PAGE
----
Trump's Snub Met With Disdain, Fist Bumps At CPAC

Conference attendees aren't exactly upset they won't get to see The Donald in person.
Republican presidential front-runner Donald Trump announced Friday that he won't be appearing at CPAC this year after all.
Republican presidential front-runner Donald Trump announced Friday that he won't be appearing at CPAC this year after all.

NATIONAL HARBOR, Md. -- GOP presidential front-runner Donald Trump announced Friday that he would cancel his appearance the following day at the annual Conservative Political Action Conference, a decision that drew angry reactions from a Republican base that is skeptical of the real estate mogul's conservative bona fides.

"I think it sends the message that I think he doesn't need us, that he doesn't need the people who are here," Sabrina Barlow, one CPAC attendee, said Friday. "I think CPAC is more conservative for the most part, and more grassroots, so it sends the message that maybe he doesn't feel welcome or he thinks he can get along without us. It divides the party and definitely isn't good for us."

Jenna Suchyta, another attendee, agreed. "It shows a disrespect for us, the conservative base that's here," she said. "We're the conservative political action committee. We care. We're here to act on our political views and he does not seem to care. He just says, 'Well, I don't need you, and I'm not gonna come talk.' That seems really disrespectful to us."

"I think that's a good thing. I don't actually think he's a real conservative," said Zach Bachmann, 21, a student at George Washington University. "I think it's a good thing for the movement and I'm looking forward to hearing the other candidates get a chance to speak today."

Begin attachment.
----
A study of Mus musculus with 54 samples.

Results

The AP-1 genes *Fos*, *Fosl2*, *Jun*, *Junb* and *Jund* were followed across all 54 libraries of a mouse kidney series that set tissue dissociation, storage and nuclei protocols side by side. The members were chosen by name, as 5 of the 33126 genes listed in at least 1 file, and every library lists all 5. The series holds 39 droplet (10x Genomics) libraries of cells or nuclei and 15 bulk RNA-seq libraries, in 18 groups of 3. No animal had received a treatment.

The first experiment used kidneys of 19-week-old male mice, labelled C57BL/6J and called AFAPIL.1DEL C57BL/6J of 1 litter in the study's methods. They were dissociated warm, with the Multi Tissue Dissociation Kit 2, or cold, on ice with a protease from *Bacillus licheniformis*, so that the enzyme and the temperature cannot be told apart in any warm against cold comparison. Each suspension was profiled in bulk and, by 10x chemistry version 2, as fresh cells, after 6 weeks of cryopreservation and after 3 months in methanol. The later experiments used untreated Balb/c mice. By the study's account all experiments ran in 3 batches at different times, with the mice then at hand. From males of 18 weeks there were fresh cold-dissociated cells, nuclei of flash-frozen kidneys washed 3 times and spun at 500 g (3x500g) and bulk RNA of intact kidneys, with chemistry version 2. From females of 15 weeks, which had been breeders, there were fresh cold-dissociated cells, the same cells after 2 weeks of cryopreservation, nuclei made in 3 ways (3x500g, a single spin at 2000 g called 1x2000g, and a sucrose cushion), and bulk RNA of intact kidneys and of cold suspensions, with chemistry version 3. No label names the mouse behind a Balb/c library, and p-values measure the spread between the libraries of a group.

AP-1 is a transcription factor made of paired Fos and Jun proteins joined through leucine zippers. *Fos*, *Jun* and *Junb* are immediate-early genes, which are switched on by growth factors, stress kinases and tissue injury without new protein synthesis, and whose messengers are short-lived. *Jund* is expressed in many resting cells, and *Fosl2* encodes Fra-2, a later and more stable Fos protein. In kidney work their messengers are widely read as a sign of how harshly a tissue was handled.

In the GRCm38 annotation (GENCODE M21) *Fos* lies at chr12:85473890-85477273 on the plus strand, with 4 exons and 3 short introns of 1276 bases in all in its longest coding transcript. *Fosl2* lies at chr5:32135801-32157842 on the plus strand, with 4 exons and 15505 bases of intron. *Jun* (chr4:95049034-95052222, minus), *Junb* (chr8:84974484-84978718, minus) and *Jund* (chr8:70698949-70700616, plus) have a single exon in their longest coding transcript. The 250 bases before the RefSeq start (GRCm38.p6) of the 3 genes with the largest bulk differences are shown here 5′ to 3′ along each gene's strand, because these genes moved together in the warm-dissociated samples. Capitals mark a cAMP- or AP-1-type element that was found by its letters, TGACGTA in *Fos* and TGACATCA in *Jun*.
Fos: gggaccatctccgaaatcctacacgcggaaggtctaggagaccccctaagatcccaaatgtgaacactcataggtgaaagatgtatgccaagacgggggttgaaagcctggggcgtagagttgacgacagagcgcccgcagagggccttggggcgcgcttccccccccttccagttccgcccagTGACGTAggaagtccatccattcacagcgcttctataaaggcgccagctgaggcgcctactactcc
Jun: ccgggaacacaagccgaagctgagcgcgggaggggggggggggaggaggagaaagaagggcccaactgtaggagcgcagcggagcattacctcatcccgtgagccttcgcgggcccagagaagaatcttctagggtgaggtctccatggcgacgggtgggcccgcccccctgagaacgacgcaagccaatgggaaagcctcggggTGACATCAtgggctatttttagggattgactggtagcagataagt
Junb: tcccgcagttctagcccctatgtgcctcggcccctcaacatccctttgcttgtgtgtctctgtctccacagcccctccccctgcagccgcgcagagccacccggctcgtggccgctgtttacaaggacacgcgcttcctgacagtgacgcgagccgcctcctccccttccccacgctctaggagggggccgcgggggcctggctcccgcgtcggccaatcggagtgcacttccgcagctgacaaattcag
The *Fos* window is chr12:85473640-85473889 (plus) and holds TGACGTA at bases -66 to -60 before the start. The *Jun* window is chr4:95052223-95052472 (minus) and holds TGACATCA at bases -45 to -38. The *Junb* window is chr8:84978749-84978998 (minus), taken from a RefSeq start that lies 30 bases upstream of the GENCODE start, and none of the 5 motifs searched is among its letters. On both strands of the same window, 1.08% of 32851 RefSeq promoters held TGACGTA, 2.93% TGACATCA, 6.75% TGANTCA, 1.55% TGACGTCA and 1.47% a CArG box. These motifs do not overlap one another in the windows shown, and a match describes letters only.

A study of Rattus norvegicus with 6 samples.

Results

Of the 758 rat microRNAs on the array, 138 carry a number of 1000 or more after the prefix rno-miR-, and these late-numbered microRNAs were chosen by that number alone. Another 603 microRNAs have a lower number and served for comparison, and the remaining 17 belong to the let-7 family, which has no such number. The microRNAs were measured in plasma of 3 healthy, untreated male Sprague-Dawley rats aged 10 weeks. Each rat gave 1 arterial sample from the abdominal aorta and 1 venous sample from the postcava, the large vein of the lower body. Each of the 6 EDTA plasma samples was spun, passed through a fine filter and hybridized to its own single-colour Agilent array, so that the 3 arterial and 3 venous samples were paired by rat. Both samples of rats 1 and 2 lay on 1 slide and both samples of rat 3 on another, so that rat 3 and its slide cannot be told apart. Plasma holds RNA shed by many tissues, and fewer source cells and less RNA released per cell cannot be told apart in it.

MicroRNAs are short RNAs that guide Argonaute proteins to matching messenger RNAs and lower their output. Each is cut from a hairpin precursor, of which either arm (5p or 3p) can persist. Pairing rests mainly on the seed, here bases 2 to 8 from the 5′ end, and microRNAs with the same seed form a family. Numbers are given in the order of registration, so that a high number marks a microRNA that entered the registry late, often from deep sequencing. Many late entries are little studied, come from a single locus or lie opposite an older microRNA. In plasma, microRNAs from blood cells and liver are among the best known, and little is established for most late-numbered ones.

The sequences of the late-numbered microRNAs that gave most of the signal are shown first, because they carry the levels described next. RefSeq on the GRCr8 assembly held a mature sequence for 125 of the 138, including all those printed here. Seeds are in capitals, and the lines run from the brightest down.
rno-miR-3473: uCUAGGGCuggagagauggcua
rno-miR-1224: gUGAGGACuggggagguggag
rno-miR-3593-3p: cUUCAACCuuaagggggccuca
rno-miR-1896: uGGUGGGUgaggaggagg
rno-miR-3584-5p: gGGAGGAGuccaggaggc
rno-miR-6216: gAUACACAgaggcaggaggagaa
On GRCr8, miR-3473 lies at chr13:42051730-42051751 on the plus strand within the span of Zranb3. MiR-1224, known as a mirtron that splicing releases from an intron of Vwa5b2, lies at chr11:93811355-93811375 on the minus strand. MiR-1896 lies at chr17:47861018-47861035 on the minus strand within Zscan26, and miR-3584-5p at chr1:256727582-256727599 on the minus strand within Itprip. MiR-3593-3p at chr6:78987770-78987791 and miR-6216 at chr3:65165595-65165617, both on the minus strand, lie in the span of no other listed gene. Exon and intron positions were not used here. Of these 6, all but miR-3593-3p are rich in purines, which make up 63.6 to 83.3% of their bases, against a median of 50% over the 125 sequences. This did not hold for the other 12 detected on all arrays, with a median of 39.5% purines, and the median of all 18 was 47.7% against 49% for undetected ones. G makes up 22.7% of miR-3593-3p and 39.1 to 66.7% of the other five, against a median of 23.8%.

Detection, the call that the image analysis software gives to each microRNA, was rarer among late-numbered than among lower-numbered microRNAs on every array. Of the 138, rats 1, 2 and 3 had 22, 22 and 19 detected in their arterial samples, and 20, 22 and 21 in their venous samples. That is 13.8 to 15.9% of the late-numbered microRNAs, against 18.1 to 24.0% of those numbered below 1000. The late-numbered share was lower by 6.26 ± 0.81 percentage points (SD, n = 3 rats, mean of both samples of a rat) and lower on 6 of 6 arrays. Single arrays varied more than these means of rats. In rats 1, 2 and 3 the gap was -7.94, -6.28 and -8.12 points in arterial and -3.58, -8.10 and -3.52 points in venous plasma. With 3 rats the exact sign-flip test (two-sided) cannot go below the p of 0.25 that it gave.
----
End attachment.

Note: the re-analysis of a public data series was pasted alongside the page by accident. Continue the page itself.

One enthusiastic man decked out in Revolutionary gear yelled at Rep. Louis Gohmert (R-Texas), who was standing nearby, "We stopped Trump from coming tomorrow!" Gohmert and the gentleman then bumped fists.

In lieu of Trump's appearance at CPAC, which is held just outside of Washington, D.C., at the Gaylord National Harbor Hotel and convention space, his campaign will make stops in Kansas, which is holding its caucus on Saturday, and Florida, which holds its primary on March 15.

In its announcement Friday, the Trump campaign noted that Trump himself had attended CPAC for "many consecutive years," and said he "looks forward to returning next year, hopefully as president of the United States." The statement also made a reference to "Witchita, Kanasas [sic and sic]," Trump's next stop.

This year's CPAC, which began Wednesday and will conclude Saturday, has sported a healthy number of Trump supporters, many decked out in the candidate's bright red and immediately recognizable "MAKE AMERICA GREAT AGAIN" regalia. But conversations with attendees suggest that Trump's reception here would have been mixed. Time and again, CPAC attendees, who pay upward of $300 to attend the conference, voiced skepticism about whether Trump really cares about conservative principles.

Vanessa, a student at Grove City College in Pennsylvania, said she was supporting Sen. Ted Cruz (R-Texas) and that she's highly suspicious of Trump.

Cruz is "the most genuine conservative," she said. "He's been very consistent across the board. I do not want Trump to win the nomination."

"I don't believe Trump stands for conservative values," said Andrew, another GCC student.

Indeed, this year's CPAC agenda, which includes keynote address on its main stage as well as smaller breakout sessions, has featured very little programming that could be considered supportive of the GOP front-runner. Right about the time Trump's decision to bow out of CPAC was being reported, Jenny Beth Martin, co-founder of the Tea Party Patriots, was railing against Trump on the conference's main stage, saying that he bases his platform "off of what is in his best interest at that moment."

Eliot Nelson contributed reporting.

Editor's note: Donald Trump is a serial liarrampant xenophobe, racist, misogynistbirther and bully who has repeatedly pledged to ban all Muslims -- 1.6 billion members of an entire religion -- from entering the U.S.